The Importance of Displaying Teal Pumpkins in the Fall
Last updated: October 2022
I love so much about fall: autumn spices, cooler weather, pumpkins, and unique colors, including teal. Teal pumpkins have been part of my fall décor for almost a decade now. But they signify more than my liking for this season. Teal pumpkins show my support for people with food allergies.
What is the Teal Pumpkin Project?
I discovered the connection between teal pumpkins and food allergies after I started writing for a children's hospital in 2012. To inform my work with the hospital's Allergy service, I received emails from Food Allergy Research and Education (FARE). Along the way, an email message told of the Teal Pumpkin Project, an endeavor to help children and families affected by food allergies.
I was so excited to learn about this fun, simple way to advocate for people with food allergies. The Teal Pumpkin Project encourages us to provide non-food treats for children at Halloween.
How to show your participation in the Teal Pumpkin Project
We can let trick-or-treaters know our home has non-food Halloween treats by:
- Placing a teal pumpkin in front of our house.
- Including our home on the Teal Pumpkin Project map.
- Displaying a teal pumpkin sign on our door.
FARE provides free flyers, signs, and other resources on its website to make things even easier.1
What can you offer on Halloween to support the Teal Pumpkin Project?
My husband, son, and I look forward to the opportunities that Halloween brings. We prepare to greet our neighbors and visitors. We enjoy decorating and selecting unique gifts for all who find their way to our doorstep.
On Halloween, we offer both food and non-food treats to trick-or-treaters. I vary the items to ensure we have something for children of all ages. Children and parents alike have been pleased with the following non-food items we have provided over the years:
- Mini notepads and activity pads
- Toys (balls, bracelets, cars, rings, etc.)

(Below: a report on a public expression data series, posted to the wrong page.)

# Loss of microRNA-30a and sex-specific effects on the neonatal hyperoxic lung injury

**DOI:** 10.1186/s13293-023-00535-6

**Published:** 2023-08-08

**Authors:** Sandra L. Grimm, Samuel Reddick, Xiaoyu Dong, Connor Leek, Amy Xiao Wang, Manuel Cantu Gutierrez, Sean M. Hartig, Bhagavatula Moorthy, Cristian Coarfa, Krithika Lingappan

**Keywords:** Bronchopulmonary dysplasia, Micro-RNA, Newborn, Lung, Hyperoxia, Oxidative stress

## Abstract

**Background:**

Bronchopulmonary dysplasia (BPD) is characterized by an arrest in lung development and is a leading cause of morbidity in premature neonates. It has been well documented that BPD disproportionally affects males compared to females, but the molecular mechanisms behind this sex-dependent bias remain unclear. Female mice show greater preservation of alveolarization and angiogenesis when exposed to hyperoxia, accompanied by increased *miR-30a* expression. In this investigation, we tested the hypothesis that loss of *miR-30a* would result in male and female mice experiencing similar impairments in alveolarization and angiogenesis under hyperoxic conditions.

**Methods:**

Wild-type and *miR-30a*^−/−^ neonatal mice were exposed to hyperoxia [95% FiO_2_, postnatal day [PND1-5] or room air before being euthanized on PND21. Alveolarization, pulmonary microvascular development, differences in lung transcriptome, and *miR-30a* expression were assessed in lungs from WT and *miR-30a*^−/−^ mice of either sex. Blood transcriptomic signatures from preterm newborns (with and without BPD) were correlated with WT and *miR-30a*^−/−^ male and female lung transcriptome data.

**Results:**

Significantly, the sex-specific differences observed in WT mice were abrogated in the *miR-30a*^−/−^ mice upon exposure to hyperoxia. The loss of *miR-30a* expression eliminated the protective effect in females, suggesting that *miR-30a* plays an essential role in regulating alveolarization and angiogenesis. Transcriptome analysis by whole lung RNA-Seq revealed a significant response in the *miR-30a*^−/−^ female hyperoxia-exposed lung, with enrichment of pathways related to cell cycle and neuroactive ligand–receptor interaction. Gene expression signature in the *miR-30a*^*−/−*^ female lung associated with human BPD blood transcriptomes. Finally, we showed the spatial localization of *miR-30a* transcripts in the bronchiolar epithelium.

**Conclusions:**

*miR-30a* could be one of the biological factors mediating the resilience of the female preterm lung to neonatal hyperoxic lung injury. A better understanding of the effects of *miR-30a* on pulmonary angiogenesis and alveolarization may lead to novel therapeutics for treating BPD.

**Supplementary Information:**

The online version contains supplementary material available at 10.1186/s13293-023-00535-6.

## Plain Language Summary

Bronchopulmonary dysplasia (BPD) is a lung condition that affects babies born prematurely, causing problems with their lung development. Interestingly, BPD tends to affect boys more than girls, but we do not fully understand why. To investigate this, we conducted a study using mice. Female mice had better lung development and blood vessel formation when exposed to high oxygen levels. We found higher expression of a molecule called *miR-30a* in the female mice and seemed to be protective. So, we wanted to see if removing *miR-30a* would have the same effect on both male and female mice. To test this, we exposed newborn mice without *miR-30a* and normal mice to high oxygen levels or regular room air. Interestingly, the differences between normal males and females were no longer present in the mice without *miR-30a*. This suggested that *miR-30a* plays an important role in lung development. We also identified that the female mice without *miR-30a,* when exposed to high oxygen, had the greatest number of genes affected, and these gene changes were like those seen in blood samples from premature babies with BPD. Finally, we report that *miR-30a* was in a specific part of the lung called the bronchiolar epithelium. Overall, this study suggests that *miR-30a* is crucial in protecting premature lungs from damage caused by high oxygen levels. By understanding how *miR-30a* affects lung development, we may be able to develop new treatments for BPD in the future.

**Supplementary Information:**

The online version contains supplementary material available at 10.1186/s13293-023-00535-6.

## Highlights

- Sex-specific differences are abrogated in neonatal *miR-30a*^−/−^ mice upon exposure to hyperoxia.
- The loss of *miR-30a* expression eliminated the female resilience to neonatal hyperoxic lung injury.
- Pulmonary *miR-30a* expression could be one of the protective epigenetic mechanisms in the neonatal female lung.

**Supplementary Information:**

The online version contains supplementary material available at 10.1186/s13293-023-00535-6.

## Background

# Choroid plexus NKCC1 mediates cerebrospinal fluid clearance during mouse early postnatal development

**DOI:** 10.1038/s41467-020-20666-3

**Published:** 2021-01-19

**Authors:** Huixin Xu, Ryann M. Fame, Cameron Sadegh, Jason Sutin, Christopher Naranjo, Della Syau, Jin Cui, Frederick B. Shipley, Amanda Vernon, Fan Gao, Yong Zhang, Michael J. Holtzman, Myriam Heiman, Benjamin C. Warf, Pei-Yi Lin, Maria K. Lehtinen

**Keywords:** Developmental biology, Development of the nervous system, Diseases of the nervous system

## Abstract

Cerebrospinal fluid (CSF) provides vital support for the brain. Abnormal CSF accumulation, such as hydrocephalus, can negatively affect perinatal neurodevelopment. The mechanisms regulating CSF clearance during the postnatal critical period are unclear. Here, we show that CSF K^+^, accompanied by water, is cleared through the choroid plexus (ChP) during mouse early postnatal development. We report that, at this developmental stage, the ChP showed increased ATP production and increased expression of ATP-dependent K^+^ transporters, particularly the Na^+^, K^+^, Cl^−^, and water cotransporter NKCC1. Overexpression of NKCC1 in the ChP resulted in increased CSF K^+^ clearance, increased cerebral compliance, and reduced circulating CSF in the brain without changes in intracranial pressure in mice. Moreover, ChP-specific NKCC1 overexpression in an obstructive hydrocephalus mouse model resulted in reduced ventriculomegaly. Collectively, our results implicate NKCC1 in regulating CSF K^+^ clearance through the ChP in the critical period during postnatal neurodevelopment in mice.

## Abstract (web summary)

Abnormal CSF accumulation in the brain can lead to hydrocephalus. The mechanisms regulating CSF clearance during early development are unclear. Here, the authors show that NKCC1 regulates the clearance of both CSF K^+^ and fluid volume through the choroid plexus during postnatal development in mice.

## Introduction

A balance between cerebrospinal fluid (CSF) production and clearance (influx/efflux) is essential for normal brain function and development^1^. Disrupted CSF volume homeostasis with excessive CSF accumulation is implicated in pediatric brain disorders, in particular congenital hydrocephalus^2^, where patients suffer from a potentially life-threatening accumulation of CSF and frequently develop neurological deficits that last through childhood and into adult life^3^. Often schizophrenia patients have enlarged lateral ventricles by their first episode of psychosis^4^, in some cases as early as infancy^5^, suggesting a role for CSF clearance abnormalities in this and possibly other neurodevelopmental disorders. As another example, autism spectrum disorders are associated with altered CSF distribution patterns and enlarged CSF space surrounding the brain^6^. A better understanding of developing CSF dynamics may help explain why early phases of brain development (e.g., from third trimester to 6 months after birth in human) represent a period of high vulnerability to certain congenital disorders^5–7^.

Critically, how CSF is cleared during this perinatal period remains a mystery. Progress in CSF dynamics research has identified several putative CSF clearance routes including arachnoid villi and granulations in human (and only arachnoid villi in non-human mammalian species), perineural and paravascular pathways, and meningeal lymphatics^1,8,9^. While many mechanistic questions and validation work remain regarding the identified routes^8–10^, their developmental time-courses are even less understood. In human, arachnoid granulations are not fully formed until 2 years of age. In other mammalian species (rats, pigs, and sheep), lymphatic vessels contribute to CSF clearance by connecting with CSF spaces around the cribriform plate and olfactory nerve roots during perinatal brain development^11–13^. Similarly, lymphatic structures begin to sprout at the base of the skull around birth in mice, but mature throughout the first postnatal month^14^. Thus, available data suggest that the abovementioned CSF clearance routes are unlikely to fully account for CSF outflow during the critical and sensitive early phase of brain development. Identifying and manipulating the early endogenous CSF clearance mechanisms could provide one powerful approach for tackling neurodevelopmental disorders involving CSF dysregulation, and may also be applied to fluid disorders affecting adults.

This year, I plan to add bookmarks to our array of treats. I am an avid reader, a professional writer, and a children's book consultant. I strive to make reading fun for children to enjoy all the benefits of this activity. Recalling that I learned about the Teal Pumpkin Project through reading makes me smile.
Supporting others' safety
Having food allergies as an adult is difficult. Every day, I put forth an effort to get enough nutrition while avoiding ingredients that cause symptoms. I find this more challenging to do on special occasions celebrated outside my home.
I can imagine how complex this chronic illness must be for children on holidays like Halloween. They surely wonder why they cannot have all the special treats offered. Halloween can be scary and dangerous for those with life-threatening reactions to food allergens.
Halloween has never been a major holiday for me. I grew up in the country where neighbors lived further away. I avoid things that frighten me. And because of my faith, I choose to celebrate other holidays.
When I became a mother, I had to consider my son. I knew I needed to teach him what Halloween is. I had to explain the decorations he saw in public and why I opted for pumpkins instead of ghosts and skeletons.
Our teal pumpkins remind us that people with food allergies do not have to be left out, and neither do we. My family can still do something meaningful on Halloween. When it gets dark and spooky, we can turn on our lights and give safe things to those who come knocking on our door.
Raising awareness for those with food allergies
FARE's efforts with the Teal Pumpkin Project continue to inspire me. This is another way I can get involved and be there for people who are allergic to certain foods. I want to see and serve everyone, including trick-or-treaters with special needs related to their allergies.
Taking part in the Teal Pumpkin Project allows me to advocate for people with food allergies at Halloween. I am raising awareness of their condition and helping them in other ways. I make sure they do not feel overlooked or leave my house empty-handed. And I have fun doing this with my family.
I recently bought a special non-food treat for myself. While browsing the fall décor in a local arts and crafts store, I found a kitchen towel with a teal pumpkin design. The towel adorns my home and will remind me all season to see and serve the people I support as a patient leader advocate.
Do you participate in the Teal Pumpkin Project? Please share what fun non-food items you offer children who are seeking treats on Halloween.
How often do you connect with others who have food allergies?